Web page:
During chemotherapy and radiation, make your workouts less intense than they were before you had cancer. When you're ready, you can gradually make them more challenging.
Ask your doctor if there are any limits on what you can do. For instance, if your immune system is weaker because of treatment, it might be best not to exercise in a gym. Your doctor can also check for other causes of fatigue such as anemia and thyroid problems.
Pain or Tingling in Hands and Feet
Doctors call this side effect "neuropathy." It's a side effect of some chemotherapy drugs. It can also happen after cancer surgery or radiation or for other reasons, including the cancer itself.
Tip: Tell your doctor as soon as you feel symptoms. She or he may change the dose of your cancer medicine or add another drug to help.
Peeling, Redness on Hands and Feet
Some drugs used against breast cancer cause "hand-foot syndrome." This involves a sunburn-like redness, tenderness, and, sometimes, peeling on the palms of the hand and soles of the feet.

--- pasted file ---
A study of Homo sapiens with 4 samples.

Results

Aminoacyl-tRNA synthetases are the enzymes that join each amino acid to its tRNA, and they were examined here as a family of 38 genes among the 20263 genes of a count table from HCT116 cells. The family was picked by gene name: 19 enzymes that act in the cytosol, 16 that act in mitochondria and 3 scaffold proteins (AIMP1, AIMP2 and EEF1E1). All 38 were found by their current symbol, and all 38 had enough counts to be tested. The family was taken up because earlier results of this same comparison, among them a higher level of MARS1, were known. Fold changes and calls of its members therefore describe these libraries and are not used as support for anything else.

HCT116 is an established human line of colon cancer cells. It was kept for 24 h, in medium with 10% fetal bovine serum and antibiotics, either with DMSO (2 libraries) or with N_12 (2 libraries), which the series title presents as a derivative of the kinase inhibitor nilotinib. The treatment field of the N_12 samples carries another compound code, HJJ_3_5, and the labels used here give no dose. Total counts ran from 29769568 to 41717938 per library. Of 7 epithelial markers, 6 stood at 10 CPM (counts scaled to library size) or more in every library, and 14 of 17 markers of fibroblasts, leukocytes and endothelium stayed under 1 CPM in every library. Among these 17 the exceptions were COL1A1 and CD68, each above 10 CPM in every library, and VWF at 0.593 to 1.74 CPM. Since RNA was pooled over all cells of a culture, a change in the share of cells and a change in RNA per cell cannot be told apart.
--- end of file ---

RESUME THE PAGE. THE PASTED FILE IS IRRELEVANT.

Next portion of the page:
Tip: Use thick emollient creams several times a day, Borges suggests. At night, wear socks or gloves to bed. A B6 vitamin supplement may also help.
If these things don't work, your doctor may want to change your dosage or extend your "time off" cycle with the drug.
Several kinds of chemotherapy can cause mouth sores. Radiation can also cause them. They're painful, making it harder to eat and drink.
- Use a soft toothbrush.
- Avoid whitening toothpastes and mouthwashes, which may irritate sores.
- Suck on ice pops or ice chips.
- Avoid spicy or crunchy foods.
- Skip alcohol and fizzy or acidic drinks, such as tomato and citrus juices.
- Drink through a straw.
If you need more relief, ask your doctor about pain relief.
Swollen, Heavy Arms or Hands
If you’ve had lymph nodes removed from your armpit or chest during breast surgery, you are more likely to get lymphedema, a buildup of fluid in the fatty tissues just under the skin in those areas.